Families of two transgender youth who receive gender-affirming care filed the lawsuit in June against Idaho officials. The lawsuit is meant to keep Idaho officials from enforcing House Bill 71 — a law that makes it a felony for any medical practitioner to help a minor seek gender-affirming treatment. (Otto Kitsinger for Idaho Capital Sun)
The families of two transgender teens, who are suing Idaho officials in federal court over a new law that would ban transgender youth from accessing gender-affirming care, have made a new motion in the lawsuit.
On Friday, the families filed for a preliminary injunction — a move that asks the court to prevent the ban from going into effect until the lawsuit is settled.
The law is set to take effect in January, and it would ban transgender youth from accessing gender care such as puberty blockers, hormones and surgeries — even though gender-affirming surgeries are not performed in Idaho. The law also makes it a felony for any medical practitioner to help a minor seek gender-affirming treatment, and breaking the law would carry a penalty of up to 10 years in prison.
According to a press release from the ACLU of Idaho on Friday, the two families involved in the lawsuit have transgender children who are receiving medical care that would be prohibited should the law take effect.
The families are using anonymous surnames Poe and Doe to protect the minor patients’ identities.
Jane Doe, a 16-year-old transgender girl, said in the original ACLU of Idaho press release announcing the lawsuit that it has been a long journey to live as her “true self.”
“My family, my doctors, and I have worked together to make decisions about my medical care, and it’s shocking to have politicians take those decisions away from us,” she said.
The families filed the lawsuit against Idaho Attorney General Raúl Labrador, Ada County Prosecutor Jan Bennetts and members of the Idaho Code Commission within the Idaho Secretary of State’s Office.
Bennetts’ and Labrador’s offices previously told the Idaho Capital Sun that they do not comment on pending or ongoing litigation, and a spokesperson for the Secretary of State’s office told the Idaho Capital Sun on Friday that they also do not comment on pending litigation.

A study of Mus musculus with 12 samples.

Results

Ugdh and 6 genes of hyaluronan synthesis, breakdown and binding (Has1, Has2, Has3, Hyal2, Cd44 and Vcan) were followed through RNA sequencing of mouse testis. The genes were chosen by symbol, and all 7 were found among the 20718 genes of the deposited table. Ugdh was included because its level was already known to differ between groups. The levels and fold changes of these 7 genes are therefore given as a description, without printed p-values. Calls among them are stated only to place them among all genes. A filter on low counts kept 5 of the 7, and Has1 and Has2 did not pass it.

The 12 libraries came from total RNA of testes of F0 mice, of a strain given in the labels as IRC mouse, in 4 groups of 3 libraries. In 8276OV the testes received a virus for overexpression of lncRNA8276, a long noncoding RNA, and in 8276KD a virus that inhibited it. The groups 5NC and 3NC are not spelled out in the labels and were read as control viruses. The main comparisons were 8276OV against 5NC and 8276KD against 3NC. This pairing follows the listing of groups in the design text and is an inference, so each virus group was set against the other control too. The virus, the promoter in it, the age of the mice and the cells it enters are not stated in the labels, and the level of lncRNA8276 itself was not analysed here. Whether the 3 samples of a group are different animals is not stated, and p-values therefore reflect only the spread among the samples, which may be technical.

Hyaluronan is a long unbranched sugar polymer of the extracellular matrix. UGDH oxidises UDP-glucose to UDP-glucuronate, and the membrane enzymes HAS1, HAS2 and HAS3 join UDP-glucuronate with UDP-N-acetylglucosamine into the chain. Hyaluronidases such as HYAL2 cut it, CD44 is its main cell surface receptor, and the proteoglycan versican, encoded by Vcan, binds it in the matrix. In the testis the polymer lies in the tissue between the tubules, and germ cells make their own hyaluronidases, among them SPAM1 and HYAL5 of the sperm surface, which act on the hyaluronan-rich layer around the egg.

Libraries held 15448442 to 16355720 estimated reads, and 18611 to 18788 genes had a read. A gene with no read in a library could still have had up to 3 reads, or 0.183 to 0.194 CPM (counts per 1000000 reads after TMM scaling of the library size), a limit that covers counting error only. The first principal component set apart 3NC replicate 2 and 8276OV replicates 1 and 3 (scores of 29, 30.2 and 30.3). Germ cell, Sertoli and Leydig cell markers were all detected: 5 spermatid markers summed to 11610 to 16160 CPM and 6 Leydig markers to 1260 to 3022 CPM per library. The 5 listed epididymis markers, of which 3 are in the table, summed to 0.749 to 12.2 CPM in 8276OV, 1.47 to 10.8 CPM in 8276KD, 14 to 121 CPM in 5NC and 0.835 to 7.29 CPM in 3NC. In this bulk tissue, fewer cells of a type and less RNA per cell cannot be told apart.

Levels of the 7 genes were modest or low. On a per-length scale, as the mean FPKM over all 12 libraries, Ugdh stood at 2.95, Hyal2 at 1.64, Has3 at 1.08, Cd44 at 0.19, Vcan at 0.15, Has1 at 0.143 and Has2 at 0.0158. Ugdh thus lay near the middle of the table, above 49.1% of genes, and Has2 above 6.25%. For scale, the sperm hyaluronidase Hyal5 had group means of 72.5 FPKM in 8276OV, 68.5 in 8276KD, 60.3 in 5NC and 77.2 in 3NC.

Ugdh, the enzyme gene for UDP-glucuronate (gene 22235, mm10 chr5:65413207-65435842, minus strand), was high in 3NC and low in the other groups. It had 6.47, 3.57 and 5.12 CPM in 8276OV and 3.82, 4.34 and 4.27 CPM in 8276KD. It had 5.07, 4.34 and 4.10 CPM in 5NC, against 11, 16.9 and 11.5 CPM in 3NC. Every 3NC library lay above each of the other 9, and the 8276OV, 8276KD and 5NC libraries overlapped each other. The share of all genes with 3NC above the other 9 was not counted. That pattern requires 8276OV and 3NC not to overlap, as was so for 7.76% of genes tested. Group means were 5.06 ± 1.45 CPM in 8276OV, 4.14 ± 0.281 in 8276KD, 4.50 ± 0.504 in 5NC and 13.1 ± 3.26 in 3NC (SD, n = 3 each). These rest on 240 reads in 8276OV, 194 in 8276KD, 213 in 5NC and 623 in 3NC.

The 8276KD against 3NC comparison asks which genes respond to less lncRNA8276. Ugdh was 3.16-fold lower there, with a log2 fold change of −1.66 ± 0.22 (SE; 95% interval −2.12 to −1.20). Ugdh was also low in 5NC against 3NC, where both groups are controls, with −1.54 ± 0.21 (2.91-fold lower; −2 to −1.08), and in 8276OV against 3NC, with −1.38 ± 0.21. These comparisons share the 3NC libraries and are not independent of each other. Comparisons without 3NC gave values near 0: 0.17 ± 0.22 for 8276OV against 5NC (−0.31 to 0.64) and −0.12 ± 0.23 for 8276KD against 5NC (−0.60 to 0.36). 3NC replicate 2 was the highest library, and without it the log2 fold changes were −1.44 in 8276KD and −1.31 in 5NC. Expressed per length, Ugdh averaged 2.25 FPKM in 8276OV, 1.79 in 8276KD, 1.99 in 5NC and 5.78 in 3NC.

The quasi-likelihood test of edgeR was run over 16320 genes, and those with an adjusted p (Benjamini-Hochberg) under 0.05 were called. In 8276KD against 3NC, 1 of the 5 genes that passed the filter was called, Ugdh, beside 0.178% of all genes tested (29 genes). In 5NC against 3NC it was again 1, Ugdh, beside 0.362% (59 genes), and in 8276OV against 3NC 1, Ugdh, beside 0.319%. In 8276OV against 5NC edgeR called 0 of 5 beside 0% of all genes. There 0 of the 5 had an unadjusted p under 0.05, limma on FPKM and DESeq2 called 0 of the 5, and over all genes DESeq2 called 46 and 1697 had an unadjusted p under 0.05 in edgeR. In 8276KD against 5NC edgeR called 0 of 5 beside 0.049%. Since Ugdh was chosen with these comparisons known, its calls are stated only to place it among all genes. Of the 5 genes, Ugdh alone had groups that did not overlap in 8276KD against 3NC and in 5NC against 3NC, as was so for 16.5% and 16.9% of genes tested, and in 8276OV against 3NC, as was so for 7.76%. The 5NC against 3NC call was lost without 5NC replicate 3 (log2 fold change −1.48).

‘A troubling trend’: Idaho joins other states in similar litigation
The families are represented by attorneys in Idaho and from national and global law firms including ACLU of Idaho and Wrest Collective in Boise; and the national arm of the American Civil Liberties Union; Paul, Weiss, Rifkind, Wharton & Garrison LLP; and Groombridge, Wu, Baughman & Stone LLP.
The new motion asserts that a preliminary injunction is necessary to prevent “irreparable harm to Idahoans” while the case is pending.
Senior staff attorney with the ACLU’s LGBTQ and HIV Project Li Nowlin-Sohl said that Idaho’s law is part of a “troubling trend” in the country targeting transgender people’s access to gender-affirming medical care.
The Idaho plaintiffs join families in Arkansas, Montana, Texas, Tennessee, Oklahoma and
Indiana who are also suing state officials alongside the ACLU to prevent gender-affirming health care bans for youth in their states.
Court-ordered preliminary injunctions are in effect against similar bans in Alabama, Florida, Indiana and Kentucky, according to the press release.
Wrest Collective attorney Ritchie Eppink said he is hopeful Idaho’s federal court will follow in Arkansas’ footsteps, referring to June 20, when an Arkansas judge struck down a ban on gender-affirming health care for youth, finding that the ban violated the constitutional rights of transgender youth, their parents and their doctors.
Eppink said he hopes Idaho’s federal court will rule in the families’ favor and prevent “discriminatory harm from reaching Idaho families.”
“There is no justification for banning all gender-affirming medical care for young Idahoans with gender dysphoria,” ACLU of Idaho executive director Leo Morales said in a press release Friday. “The ban prohibits care that the youth, their parents, and their doctors all agree is medically necessary, and which is supported by every major medical association in the U.S.”
SUPPORT NEWS YOU TRUST.
Our stories may be republished online or in print under Creative Commons license CC BY-NC-ND 4.0. We ask that you edit only for style or to shorten, provide proper attribution and link to our web site. Please see our republishing guidelines for use of photos and graphics.